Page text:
Design Brief

How To Write An Effective Design Brief

A design brief is a written explanation - given to a designer - outlining the aims,

objectives and milestones of a design project.

A thorough and articulate design brief is a critical part of the design process. It helps

develop trust and understanding between the client and designer - and serves as an

essential point of reference for both parties.

Above all, the design brief ensures that important design issues are considered and

questioned before the designer starts work.

This document outlines some of the most important factors to consider when writing

your design brief.


Company Profile

Start your design brief with a short, honest synopsis of your organization or company. Don't take this information for granted, and don't assume that the designer will necessarily know anything about your industry sector.

Tell your designer:
• What does your organization do?

• How long you have been established and how many staff you employ?

• What is your market niche?

• How you fit in to your industry sector?



Your Aims

Good design can have a huge influence on the success of a company's marketing strategy - but in order for success to be ensured, clear goals must be set.

For example, What do you want to?
• Generate sales?
• Encourage enquiries?
• Gain newsletter subscribers?
• Obtain information from your audience?
• Encourage them to tell a friend?

If your aims and objectives are clear, then your design brief has already achieved much of the project's scope. One of most rewarding parts of actually sitting down and writing a design brief is that it helps to clarify your thoughts and can indirectly help to find flaws in what you initially thought was a solid idea.


Your Target Audience

Detail your primary, secondary and tertiary audiences. Explain if you are looking to consolidate your existing client-base or appeal to new markets.

Detail any demographic figures about your audience that may be useful to the designer. These may include:
• Age
• Sex
• Income
• Occupation
• Location


Your Budget And Time-Scale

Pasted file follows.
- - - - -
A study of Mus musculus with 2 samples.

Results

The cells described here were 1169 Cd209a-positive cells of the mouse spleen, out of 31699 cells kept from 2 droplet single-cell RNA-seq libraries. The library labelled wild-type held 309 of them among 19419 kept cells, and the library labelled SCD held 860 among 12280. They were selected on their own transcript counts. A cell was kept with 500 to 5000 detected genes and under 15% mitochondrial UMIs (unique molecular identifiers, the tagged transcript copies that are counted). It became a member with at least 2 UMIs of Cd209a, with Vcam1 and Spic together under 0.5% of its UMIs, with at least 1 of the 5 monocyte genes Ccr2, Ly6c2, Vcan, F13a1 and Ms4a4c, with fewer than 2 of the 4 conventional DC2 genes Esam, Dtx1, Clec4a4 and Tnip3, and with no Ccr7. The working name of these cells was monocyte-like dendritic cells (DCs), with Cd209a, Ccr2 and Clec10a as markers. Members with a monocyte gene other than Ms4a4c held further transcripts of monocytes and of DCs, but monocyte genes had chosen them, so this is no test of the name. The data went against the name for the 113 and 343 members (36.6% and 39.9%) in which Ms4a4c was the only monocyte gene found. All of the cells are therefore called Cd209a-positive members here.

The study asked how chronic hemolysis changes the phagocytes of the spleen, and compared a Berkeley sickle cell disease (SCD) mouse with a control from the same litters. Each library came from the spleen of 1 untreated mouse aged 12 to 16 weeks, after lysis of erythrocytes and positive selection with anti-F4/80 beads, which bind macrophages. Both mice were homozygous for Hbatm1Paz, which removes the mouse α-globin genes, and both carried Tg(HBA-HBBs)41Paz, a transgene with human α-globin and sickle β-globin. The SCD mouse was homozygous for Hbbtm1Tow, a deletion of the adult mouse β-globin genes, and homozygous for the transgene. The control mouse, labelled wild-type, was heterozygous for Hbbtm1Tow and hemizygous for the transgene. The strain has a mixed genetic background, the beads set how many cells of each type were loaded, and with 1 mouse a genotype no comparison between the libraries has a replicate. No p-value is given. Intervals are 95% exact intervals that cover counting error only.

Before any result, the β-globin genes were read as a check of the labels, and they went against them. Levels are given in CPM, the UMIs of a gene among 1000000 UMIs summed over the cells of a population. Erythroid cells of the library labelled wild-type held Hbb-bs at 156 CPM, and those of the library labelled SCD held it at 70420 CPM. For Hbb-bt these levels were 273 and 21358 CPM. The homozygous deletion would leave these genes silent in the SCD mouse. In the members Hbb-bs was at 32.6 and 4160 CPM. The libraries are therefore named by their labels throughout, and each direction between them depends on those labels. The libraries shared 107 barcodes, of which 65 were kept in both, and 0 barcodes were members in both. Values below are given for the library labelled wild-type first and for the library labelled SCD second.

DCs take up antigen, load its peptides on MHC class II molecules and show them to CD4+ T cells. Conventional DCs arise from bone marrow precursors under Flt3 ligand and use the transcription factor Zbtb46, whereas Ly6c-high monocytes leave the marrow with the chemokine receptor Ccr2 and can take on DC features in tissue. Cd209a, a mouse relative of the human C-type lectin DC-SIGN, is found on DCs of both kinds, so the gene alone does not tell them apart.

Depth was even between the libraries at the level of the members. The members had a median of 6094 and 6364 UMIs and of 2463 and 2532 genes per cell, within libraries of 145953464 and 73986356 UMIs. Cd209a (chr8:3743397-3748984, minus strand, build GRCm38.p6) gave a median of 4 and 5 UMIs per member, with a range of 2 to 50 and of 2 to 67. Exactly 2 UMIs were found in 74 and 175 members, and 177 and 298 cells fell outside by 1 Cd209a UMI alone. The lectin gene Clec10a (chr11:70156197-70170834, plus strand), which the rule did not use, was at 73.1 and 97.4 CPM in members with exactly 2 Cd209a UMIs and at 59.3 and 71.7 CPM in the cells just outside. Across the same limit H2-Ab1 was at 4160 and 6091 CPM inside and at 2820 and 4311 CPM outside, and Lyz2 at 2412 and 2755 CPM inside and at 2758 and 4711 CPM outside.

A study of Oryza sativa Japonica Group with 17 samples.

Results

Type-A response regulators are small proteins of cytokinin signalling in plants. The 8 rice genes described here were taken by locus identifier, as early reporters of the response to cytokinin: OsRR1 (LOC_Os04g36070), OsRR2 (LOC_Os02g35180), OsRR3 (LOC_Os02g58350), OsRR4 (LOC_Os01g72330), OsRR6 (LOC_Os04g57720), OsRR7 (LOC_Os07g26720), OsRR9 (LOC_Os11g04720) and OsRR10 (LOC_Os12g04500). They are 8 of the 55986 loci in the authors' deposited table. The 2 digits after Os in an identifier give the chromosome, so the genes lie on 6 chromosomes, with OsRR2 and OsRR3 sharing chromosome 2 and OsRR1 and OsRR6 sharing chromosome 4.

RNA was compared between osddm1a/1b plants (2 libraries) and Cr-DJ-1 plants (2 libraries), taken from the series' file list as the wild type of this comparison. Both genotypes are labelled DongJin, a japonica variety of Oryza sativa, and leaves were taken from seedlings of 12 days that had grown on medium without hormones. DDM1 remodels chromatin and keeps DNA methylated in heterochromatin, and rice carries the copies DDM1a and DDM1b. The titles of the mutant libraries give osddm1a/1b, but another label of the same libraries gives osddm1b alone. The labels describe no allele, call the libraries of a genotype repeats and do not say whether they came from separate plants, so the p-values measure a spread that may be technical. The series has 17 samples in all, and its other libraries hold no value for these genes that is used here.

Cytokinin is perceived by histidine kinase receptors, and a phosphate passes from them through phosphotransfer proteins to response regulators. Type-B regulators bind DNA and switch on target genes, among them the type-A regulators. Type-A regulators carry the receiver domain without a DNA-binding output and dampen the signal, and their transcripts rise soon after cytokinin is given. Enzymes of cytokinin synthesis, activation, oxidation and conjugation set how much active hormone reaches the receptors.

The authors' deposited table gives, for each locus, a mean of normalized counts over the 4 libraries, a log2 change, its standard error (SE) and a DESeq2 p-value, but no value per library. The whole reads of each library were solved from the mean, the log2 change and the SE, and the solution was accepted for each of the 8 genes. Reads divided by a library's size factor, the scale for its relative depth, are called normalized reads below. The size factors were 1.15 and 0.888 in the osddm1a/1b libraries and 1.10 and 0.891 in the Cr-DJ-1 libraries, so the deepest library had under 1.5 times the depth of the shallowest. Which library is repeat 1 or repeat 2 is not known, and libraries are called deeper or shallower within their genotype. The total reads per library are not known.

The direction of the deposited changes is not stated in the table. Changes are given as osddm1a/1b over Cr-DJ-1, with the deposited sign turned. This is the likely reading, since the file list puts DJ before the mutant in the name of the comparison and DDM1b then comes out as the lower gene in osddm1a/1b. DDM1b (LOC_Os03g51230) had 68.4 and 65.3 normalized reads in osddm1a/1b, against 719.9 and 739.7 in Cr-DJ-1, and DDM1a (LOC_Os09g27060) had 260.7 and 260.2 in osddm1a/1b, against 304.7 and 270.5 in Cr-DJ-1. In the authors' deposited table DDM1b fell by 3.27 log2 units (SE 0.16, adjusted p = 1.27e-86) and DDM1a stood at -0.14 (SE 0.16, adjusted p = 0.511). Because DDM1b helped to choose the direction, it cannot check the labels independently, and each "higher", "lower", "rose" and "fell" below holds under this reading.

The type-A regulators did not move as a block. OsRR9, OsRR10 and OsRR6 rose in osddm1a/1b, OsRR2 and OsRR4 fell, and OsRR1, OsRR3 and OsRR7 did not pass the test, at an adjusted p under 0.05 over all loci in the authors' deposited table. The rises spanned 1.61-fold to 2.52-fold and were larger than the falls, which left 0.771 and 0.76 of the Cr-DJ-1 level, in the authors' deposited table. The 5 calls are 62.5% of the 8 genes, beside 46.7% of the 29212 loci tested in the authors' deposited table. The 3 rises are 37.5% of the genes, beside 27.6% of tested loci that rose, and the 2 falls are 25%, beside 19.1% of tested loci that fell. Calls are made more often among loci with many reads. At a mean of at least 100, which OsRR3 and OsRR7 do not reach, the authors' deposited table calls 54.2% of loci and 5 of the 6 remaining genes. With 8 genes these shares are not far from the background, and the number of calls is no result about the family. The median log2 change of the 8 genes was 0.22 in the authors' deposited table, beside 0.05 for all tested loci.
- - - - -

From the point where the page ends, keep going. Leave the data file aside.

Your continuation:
Even if you can only provide a ball-park figure, a budget expectation will give the designer a good idea of the type of solution they will realistically be able to provide.

Time scale is also an important consideration - so let your designer know if there is a specific deadline that has to be met.

Design Examples

Providing examples of what you consider to be effective or relevant design can be a great help in writing a design brief.

Make sure to include samples of your company's current marketing materials - even if their only purpose is to explain what you don't want from your new marketing materials!

If there is a design style that you particularly like or dislike - then explain why in the brief. If you're not entirely sure why you like a certain design style, then good starting points include:

• Color
• Imagery
• Quantity and quality of text
• Typography
• The atmosphere that particular designs create

Don't feel that you have stick to the medium that you are designing for when giving a list of inspiration and influences. If a television advert or music video creates the atmosphere that you want your flyer to create, then that is a perfectly reasonable statement to make in a design brief.

The more clues you give about your design tastes, the more likely the designer will be able to produce something close to your aims. Expecting your designer to second-guess what you require rarely produces the best results.

Remember that professional designers will not copy the ideas you send them... but will use them as the start of the design process.

Who Will Write The Material Content

Writing the content (verbiage) on your materials requires careful consideration. It can either "make" or "break" the deal.

If you already have the content written, let us know. That can be a big time saver on the project.

If you would like us to write the content, this will extent the amount of time and price on your project. We will need reference material of existing material to formulate excellent verbiage. We will also need a contact person who will be able to answer any content questions on a moments notice.

Special Note: While your materials should be written in clear, concise way - there is no reason why you cannot use emotive language to emphasize exactly what you are trying to achieve.

Who Will Supply The Photography

Photographs allure people. They tell a story all alone.

If you already have the photography that you would like to use, let us know. That can be a great time saver on the project. It is always desired to have large size photos for the best quality and appearance, when working in photo sizing.

If you would like us to create custom photos and/or use stock photos, this will extent the amount of time and price on the project.

We will need to schedule photos sessions, on-location, if needed.

Whether we use your photos or ours, photos can be "spruced up" with special effects to create extremely alluring images. This can make all the difference in the world as far as attraction. This can make a tremendous difference in your professional look and presentation. This additional service extends the amount of time and price on your project in addition to creating the photos.

We will also need a contact person who will be able to answer any photography questions on a moments notice and schedule photography sessions.

Consult with Colleagues

It is recommended that you consult with as many people within your organization as possible before sending the design brief back to us. Showing the design brief to different people may reveal remarkable differences in the way people see your organization’s aims and objectives.

Resolving any differences in your colleagues opinions will save considerable time and expense further down the line.